Publisher’s Perspective: Learning the same lessons from snow and fire (Opinion)
If the 35-mile logjam of vehicles last week hearkened back visions of the Caldor Fire evacuations, you’re not alone. Only this time the problem was almost the opposite. Instead of the south shore community looking to get out to the north/east, people from all over the region needed to get home (or more appropriately, through) to the south/west. It was like an entire NFL stadium exiting a football game but with one single exit – and in vehicles. Oh, and during a snowstorm on top of another storm that was one of the biggest in recent years.
I need to preface this discussion by thanking the tireless work of CalTrans and NDOT. They did not cause the issue that was experienced by many – just a perfect storm creating an unfortunate situation. Instead, let’s blame Christmas. No, not really, but that’s probably where this whole thing begins.
Our area of the Sierra Nevada is a drive market. Yes, we are supported through the airport(s) as well, but it is and (probably) always will be primarily a drive-first market. When you have millions of people not far from here that know what this place offers, it’s hard to keep them away – the pandemic certainly showed us that.
The slew of cars that literally inched their way along the snow covered roads were not all visitors to Tahoe. Interstate 80 doesn’t just feed the north shore, but Reno as well. Let’s also not forget Hwy 88 feeding the Carson Valley and beyond. So when every main escape route from Tahoe to Reno and in everywhere in between closes for multiple days after one of the biggest travel holidays of the year, that’s a lot of extremely antsy people wanting (and needing) to get home. That was the sleeping giant.
However, the situation on the surface wasn’t all that new. Tahoe has been left on an island (all roads closed) plenty of times. What was new was the duration and aggregation of road closures, power of the storm, and the eagerness of holiday-traveling folks to get home, which exacerbated the whole situation.
Was this also a people problem? I cannot tell you how many stories, posts, tweets, etc., that discouraged holiday travel. Judging by that conga line of vehicles, many people didn’t heed this advice.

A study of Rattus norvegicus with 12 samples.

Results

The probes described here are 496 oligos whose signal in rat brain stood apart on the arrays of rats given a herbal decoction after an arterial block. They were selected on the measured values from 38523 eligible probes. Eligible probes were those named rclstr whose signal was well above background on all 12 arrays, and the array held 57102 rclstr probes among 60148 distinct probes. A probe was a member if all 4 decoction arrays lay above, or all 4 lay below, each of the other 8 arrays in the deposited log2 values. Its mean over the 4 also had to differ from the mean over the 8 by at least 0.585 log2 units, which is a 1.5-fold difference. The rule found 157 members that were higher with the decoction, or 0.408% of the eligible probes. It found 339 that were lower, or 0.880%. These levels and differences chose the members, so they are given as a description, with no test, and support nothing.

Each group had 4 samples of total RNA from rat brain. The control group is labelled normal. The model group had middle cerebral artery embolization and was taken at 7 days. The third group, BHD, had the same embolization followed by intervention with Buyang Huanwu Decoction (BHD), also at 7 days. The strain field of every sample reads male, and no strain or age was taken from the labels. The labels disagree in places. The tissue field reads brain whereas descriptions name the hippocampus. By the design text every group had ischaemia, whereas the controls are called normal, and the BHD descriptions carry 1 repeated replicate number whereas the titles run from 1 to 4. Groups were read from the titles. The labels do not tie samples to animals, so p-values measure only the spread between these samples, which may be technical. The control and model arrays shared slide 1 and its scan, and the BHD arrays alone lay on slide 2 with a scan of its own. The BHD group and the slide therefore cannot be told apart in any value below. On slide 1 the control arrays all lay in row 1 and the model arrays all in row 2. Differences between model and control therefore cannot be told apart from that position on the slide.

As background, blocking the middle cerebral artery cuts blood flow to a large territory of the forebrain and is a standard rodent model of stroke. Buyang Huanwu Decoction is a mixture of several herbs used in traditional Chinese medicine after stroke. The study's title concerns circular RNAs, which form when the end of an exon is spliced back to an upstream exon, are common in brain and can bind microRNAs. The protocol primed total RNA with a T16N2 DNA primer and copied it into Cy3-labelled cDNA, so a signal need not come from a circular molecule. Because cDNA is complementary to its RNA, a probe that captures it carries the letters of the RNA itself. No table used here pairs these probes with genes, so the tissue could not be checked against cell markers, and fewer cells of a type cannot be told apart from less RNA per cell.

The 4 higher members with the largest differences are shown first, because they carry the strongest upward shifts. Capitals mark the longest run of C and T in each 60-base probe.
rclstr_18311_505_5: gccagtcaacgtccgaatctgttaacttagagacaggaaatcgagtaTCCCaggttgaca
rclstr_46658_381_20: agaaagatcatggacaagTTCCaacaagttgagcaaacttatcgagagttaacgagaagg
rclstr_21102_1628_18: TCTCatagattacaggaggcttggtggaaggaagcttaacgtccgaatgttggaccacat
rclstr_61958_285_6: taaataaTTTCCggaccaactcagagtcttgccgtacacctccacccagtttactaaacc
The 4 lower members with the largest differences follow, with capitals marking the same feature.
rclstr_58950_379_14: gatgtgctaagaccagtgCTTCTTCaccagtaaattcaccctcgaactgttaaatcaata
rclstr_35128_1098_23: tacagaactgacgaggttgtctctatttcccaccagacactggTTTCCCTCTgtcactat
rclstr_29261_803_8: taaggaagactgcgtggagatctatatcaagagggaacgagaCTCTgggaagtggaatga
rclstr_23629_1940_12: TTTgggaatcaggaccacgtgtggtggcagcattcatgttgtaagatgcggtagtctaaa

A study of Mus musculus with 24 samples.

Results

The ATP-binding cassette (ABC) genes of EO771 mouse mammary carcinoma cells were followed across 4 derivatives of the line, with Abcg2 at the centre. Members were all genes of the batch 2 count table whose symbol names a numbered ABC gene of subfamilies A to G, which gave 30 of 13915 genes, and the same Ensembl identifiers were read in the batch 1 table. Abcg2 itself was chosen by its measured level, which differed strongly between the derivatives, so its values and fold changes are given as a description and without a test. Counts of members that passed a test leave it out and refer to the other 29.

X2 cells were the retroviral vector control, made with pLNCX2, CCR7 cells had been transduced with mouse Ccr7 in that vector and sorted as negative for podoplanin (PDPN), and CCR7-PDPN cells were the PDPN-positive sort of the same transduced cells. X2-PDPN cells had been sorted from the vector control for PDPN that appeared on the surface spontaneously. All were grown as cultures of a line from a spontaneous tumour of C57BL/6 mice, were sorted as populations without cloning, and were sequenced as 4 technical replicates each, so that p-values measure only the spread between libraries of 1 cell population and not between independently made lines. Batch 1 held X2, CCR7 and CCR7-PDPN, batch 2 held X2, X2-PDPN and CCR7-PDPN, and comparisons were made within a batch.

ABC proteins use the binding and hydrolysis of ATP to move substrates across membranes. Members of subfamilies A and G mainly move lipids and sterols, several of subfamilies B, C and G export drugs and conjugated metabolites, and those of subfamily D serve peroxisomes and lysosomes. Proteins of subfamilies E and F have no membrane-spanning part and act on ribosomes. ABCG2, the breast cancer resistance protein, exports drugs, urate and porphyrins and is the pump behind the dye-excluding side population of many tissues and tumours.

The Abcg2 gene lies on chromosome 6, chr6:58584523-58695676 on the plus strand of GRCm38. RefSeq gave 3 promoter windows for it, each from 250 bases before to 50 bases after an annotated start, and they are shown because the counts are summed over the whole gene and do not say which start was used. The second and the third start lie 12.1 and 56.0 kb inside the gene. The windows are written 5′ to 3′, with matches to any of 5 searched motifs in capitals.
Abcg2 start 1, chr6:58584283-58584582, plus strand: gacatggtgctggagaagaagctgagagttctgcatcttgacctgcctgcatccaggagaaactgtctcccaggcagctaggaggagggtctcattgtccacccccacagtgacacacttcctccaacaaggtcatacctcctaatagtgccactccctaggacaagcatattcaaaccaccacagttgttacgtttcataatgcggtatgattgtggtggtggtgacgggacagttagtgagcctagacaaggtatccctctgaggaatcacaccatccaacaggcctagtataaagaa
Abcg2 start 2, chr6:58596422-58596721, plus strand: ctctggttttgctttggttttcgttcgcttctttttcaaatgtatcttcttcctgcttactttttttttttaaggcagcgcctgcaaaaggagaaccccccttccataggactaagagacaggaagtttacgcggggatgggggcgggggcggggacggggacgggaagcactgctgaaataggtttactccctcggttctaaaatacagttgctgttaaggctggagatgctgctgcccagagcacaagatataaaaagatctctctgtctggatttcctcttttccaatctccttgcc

Sure, that’s a simple finger to point. Although, I can’t say I’m one to always obey those types of warnings, so I guess I’m just as guilty – although not this time. But, who among us hasn’t seen those types of warnings only to have a storm peter out and not be anywhere close to what was forecasted? Or traveled those roads before and managed them just fine?
I’d imagine many of them had reservations, and in some cases without enough notice, your going to lose some (if not all) what you already paid. Or, only planned for so long before the next round of visitors were ready to take their accommodations. So while sure, that contributed to the congestion, congestion in Tahoe is also not new, so let’s not be too harsh in this area.
I’ve seen people also quick to blame the big rig that jackknifed, causing the closure not long after opening and starting the traffic bottleneck. Those drivers probably have more right to the road than we do and have a hard enough job as it is. They’re the ones that keep us fed, keep fuel in our vehicles and snow blowers, and probably the ones who brought you your Christmas gift. Coincidentally, they’re now charged with replenishing those resources that were sucked out of the basin leaving a wake of concern that now is the burden of the local communities.
While we could probably go on and on about who or what to blame, let’s instead focus on the instance itself and if what happened can be a valuable lesson.
There were reports of people getting out of their cars and walking down the road to find bathrooms or ask about gas stations because they were stuck for so long. No, I’m not advocating for outhouses along Hwy 50, only pointing out the huge safety issue of people walking on a snow and ice covered road – regardless if one side was at a standstill.
Kudos to Nevada for pulling the trigger on the State of Emergency – although it could have been a little earlier. Why exactly didn’t California do the same? Who knows? But if we’ve seen anything across the basin work at its best, its when both states work together. This shouldn’t have been any different.
When you have that many people that could potentially clog roads even further due to various circumstances, and resources bursting at the seams, combined with the city activating emergency operations, you’d think there would be more action and support from the higher level.
During the Caldor Fire, it seemed like both California and Nevada agencies worked together to the best of their abilities to keep people and communities safe. This wasn’t due to a fire, but it looked eerily similar. Should it be any different when the safety and health of people and the communities are threatened?
Yes, there should be varying degrees of response based on the situation, but in a situation like this, being lockstep to protect the lives of people seems like the right thing to do.
In the end, it always seems to come down to working together and, as this situation spotlighted tremendously, being patient and understanding.
Publisher Rob Galloway can be reached at firstname.lastname@example.org or 530-542-8046.